Window Flower Boxes

Nancy Gmeiner
Adams County Master Gardener

Drive down a street and notice the lovely flowers on display under many of the windows. Drive by again to see what kind of flowers and of what material the window boxes are made. Are they metal, wood, plastic or wrought iron with sphagnum moss? All of these mediums will work.

It is important to keep a space between the house and your window boxes so that moisture from watering the plants does not affect the structure. Drainage holes in the boxes will prevent over watering. Filling the boxes with plants, leaving small spaces to grow between plants will result in mounds of flowers dripping with vines a sight to behold!


Purple Cone Flower
Echinacea purpurea
 

Black-eyed Susan
Rudbeckia hirta

The spring window box is my first one of the year. It bloomed beautifully this year, thanks to the summer sun, water and some fertilizer. It is best to plant in a mixture of 1/3 garden soil, 1/3 peat moss and 1/3 compost. You may use landscape fabric also if you wish before putting in the soil. In planting the flowers, plant the tallest in the back - spikes and geraniums work well. Plant vines in the front; good choices are white Nancy, vinca, sweet potato and licorice so they can drape gracefully over the edge. Fill in between with the smaller blossoms such as petunias, pansies, lobelia, impatience, daisies or special blossoms of your choice.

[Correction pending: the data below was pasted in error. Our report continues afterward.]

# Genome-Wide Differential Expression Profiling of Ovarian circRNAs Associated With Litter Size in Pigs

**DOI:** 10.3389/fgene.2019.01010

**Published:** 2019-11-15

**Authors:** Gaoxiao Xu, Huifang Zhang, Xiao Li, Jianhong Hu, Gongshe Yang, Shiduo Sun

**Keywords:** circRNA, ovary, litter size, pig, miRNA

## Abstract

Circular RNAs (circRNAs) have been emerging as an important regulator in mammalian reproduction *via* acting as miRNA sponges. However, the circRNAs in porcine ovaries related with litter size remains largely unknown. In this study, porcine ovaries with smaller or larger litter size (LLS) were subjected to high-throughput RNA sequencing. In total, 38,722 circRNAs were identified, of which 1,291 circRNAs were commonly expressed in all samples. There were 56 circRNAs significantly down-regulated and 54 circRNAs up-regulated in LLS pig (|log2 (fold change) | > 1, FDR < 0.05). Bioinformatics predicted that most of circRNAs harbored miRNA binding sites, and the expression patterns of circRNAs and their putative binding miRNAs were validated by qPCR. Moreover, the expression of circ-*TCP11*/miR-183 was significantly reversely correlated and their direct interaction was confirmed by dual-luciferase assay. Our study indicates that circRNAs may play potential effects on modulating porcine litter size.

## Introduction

Fall boxes can be a mixture of mums, coleus, and varied leaf plants. You may use a combination of varied leaf specimens instead of flowers if you so choose. If you save the dried stems and blooms from Echinacea (or coneflower as it is sometimes called), you can spray them with a copper paint spray found in the dollar stores and arrange them among green plants in your boxes for an interesting fall look. The stems and blooms from the Black-Eyed Susan work well for this purpose also.

As fall turns into winter, think about pressing boughs of holly, pine and magnolia into your window boxes. This look lasts throughout the winter and allows for the continuation/ beautification of your home through window boxes during the months when most may not consider using them. An added feature for the holidays can include bright balls or pinecones and a ribbon for color. A solar light is a perfect touch that adds a soft glow.

As you can see, you really can garden in a very small space. No need for acreage with open spaces just begging to be landscaped just use the space you have and be creative!